Kingdom of Hungary
The Battle of Mohi 1241 AD

By Clive McLeod

The Kingdom of Hungary arose out of a loose confederation of seven nomadic tribes known as the Magyars.  The tribes settled in the plains of Hungary in about 895 AD subjugating the indigenous peoples. They were a major nuisance launching massive raids into Western Europe until defeated at the Lechfield in 955. 

The founding of the Kingdom was the work of 2 leaders Geza and his son Istvan (Stephen).   Geza began the work of centralising power into the ruler’s hands.  Stephen was the first King of Hungary, being crowned in 1000 or 1001 and founding the Arpad dynasty which ruled until 1300.  These two men dominated the Magyars from 972 until 1037.  Both worked toward reducing the power of the nobility.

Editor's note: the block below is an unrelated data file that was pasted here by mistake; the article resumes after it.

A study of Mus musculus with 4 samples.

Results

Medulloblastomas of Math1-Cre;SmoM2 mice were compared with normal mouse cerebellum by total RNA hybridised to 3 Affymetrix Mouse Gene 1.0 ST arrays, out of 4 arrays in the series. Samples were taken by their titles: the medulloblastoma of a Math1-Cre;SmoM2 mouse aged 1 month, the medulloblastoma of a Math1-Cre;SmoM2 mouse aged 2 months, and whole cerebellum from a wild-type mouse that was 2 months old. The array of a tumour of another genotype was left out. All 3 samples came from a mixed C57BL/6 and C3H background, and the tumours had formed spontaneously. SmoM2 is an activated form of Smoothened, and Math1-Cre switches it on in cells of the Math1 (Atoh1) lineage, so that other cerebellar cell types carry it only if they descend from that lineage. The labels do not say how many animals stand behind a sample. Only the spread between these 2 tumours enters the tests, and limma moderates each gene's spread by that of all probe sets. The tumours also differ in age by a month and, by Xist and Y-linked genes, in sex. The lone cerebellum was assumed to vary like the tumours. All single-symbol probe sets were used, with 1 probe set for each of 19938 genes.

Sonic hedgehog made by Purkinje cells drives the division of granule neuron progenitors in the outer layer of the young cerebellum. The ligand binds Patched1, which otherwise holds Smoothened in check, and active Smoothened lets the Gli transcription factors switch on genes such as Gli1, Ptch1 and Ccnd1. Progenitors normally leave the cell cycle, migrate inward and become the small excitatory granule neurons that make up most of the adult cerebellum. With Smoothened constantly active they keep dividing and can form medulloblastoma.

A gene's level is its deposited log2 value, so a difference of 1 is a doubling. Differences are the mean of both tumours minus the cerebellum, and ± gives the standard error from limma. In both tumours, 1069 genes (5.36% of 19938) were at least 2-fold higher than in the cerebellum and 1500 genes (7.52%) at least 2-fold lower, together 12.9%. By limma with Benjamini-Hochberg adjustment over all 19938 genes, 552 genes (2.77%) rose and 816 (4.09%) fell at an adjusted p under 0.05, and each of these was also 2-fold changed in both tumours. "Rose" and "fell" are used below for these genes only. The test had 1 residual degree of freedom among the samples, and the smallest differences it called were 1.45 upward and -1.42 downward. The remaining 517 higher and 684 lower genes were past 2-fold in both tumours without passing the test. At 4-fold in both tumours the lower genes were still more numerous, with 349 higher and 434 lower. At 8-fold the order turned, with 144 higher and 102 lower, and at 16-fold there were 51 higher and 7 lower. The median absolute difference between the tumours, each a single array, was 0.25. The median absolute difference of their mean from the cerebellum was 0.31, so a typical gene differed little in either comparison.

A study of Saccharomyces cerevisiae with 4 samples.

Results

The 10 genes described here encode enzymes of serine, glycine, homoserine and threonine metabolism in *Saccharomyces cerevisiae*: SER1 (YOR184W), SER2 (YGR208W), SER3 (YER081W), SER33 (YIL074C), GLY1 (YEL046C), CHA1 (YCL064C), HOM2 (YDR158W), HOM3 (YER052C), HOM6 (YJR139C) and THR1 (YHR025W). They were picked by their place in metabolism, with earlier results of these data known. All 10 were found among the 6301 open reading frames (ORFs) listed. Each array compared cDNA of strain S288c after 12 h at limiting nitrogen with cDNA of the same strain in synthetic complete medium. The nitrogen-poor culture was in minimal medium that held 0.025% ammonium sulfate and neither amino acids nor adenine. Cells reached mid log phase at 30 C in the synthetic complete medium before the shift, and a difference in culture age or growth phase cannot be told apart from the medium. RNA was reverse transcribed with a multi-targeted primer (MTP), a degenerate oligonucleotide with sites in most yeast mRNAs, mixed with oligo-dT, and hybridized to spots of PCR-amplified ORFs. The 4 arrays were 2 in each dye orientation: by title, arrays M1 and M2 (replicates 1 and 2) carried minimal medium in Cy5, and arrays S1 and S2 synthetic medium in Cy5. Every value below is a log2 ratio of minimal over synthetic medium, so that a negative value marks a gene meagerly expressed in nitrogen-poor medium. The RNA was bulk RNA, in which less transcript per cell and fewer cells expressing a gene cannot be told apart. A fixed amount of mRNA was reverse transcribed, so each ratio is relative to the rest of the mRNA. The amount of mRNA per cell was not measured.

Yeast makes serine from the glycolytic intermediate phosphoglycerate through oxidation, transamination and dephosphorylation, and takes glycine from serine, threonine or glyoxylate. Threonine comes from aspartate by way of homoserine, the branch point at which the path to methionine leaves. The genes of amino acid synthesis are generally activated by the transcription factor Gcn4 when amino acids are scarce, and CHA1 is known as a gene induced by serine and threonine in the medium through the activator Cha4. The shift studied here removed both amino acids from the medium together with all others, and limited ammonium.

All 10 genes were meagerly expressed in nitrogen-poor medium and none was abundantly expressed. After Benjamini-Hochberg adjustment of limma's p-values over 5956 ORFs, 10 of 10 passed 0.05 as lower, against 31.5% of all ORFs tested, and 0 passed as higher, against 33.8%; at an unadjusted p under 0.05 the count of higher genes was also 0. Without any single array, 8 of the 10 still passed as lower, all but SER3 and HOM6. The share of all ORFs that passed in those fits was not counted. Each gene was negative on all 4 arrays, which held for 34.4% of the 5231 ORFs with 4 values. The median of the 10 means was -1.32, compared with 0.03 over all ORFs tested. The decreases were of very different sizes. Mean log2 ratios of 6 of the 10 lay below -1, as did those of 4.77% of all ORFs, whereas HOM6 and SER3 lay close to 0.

Initially pagans, the Magyars gradually adopted Christianity during the 10th and 11th centuries.  Stephen in particular was active in converting pagans to Catholicism, by the usual ‘convert or die’ methods of the time.  Stephen was eventually canonised for his efforts.

By the time of the Mongol invasion the nobles had regained much of their power. King Bela IV was trying to wrest this power back which led to serious divisions in the country.  The army he led against the Mongols seethed with unrest and this almost certainly contributed to its defeat.  In addition the Cumans, who had settled in Hungary and might have provided a useful auxiliary force, were massacred in a frenzy of anti-nomad feeling.

Despite these problems the Hungarians did have some initial successes against the Mongols.  After Mohi they pursued a successful guerrilla style campaign against the Mongol troops left behind after the main army went home to elect a new Khan.